Sunday, June 14, 2009

Put Your Shoulder to the. . . Lawnmower







 "Successful marriages and families are established and maintained on principles of faith, prayer, repentance, forgiveness, respect, love, compassion, work, and wholesome recreational activities." (The Family Proclamation,  lds.org)

We had a sliver of heaven yesterday as I was doing the dishes and could hear the sounds of little souls immersed in work all around me.  Little noses were pressed to their various grindstones and I walked around the house in reverent astonishment.  I tip-toed around the moment, in awe of the newness and the rarity of what I was sensing.  I could feel the Spirit brought by work, by effort, and by a united family purpose.  

You know us.  We're a lively bunch of wiggling arms and legs and active mouths and lungs. We squirm.  We fight.  We create chaotic messes of thunderous proportions. Normally the energy put into cleaning is parallel to the volume of the whining.  Chore-time is usually punctuated with shrieks that someone has put their finger or their knee or their fill-in-the-blank-with-various-offending-body-part in someone else's eye or stomach or fill-in-the-blank-with-various-other-victimized-body-part.  Chores usually sound like a war-zone, a cacophony of grunts and clunks and bodies falling limp to the floor.  

But yesterday was different. 

Yesterday it was quiet as Marie napped and the rest of us worked on the Home part of our house.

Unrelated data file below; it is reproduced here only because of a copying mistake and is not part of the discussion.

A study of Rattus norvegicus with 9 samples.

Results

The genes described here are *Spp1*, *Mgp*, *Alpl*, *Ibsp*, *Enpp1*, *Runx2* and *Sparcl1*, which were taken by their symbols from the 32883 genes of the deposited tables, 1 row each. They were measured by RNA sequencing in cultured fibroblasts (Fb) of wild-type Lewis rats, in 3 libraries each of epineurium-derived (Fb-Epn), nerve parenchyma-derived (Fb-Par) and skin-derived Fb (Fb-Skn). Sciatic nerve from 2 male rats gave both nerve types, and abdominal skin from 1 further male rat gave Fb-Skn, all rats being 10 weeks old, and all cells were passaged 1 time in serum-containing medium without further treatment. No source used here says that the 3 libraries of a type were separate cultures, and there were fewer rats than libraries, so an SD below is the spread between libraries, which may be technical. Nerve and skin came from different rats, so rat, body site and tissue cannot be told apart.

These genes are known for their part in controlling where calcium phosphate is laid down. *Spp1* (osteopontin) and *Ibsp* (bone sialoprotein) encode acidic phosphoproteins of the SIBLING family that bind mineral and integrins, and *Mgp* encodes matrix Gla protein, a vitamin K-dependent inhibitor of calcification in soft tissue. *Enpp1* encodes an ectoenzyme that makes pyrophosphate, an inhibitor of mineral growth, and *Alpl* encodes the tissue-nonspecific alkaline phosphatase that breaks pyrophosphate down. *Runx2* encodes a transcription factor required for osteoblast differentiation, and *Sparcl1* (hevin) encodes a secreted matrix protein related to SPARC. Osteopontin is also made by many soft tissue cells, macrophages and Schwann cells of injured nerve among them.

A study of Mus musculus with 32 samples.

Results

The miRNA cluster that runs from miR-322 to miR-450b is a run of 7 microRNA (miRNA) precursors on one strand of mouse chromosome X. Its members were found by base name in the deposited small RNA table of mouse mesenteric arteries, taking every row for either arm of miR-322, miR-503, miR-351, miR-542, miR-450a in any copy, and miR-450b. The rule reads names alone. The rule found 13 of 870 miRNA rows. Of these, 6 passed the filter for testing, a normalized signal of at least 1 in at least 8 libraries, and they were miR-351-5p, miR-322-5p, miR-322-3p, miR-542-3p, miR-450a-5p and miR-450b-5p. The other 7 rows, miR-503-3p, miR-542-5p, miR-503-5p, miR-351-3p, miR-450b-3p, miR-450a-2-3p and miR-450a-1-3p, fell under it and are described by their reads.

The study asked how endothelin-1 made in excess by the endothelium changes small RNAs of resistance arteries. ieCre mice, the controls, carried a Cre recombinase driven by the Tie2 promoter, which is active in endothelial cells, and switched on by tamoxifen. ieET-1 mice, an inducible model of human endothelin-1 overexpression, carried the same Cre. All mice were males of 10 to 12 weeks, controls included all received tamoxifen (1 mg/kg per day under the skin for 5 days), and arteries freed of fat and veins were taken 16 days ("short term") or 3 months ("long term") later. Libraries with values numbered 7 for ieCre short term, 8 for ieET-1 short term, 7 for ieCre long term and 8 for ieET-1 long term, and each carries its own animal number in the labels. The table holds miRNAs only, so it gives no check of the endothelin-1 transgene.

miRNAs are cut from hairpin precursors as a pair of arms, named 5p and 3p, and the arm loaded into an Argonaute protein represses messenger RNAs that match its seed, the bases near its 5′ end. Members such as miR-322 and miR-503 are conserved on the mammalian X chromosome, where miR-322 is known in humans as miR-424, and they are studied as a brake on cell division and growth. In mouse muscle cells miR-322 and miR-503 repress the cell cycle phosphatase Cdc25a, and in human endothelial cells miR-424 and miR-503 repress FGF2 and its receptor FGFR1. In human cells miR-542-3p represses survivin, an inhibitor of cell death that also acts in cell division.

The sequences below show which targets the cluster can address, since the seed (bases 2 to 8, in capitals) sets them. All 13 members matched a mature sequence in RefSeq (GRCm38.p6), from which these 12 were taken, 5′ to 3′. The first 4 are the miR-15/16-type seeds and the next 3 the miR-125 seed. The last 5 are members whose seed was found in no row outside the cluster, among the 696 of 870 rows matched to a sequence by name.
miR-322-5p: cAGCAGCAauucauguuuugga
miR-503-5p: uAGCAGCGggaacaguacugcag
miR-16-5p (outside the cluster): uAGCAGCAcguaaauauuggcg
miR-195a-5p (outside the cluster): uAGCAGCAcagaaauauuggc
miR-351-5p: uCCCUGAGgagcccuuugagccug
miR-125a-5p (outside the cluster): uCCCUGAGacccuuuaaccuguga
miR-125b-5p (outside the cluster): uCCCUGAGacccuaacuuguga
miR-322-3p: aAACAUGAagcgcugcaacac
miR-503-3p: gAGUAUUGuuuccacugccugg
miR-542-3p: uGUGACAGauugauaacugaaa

Of course, it was the first time in more than 6 years of creatively coercing my troops to help out that I could feel the Spirit of work so tangibly, but it reminded me that the nature of family is based on striving by the "sweat of [our] face," reaching and stretching and trembling. . . and having someone else by our side to lean against in our mutual exertion.  

It's no wonder that Heavenly Father talks about both glory and work when he speaks of "bring[ing] to pass the immortality and eternal life of man" (Moses 1:39).  Work without a glorified purpose is dreadful, tedious, and boring.  Glory that hasn't come as a result of work isn't real or lasting or eternal.  

So next time I'm grinding my teeth as I think about how teaching my kids to work is more work than just working myself. . . I'll remember back to the heavenly hum of yesterday.  Sure, that peace probably won't be a constant or even frequent visitor in our home, (I am calmly appreciative, but not delusional!) but at least I know it exists.  It gives me something to work for.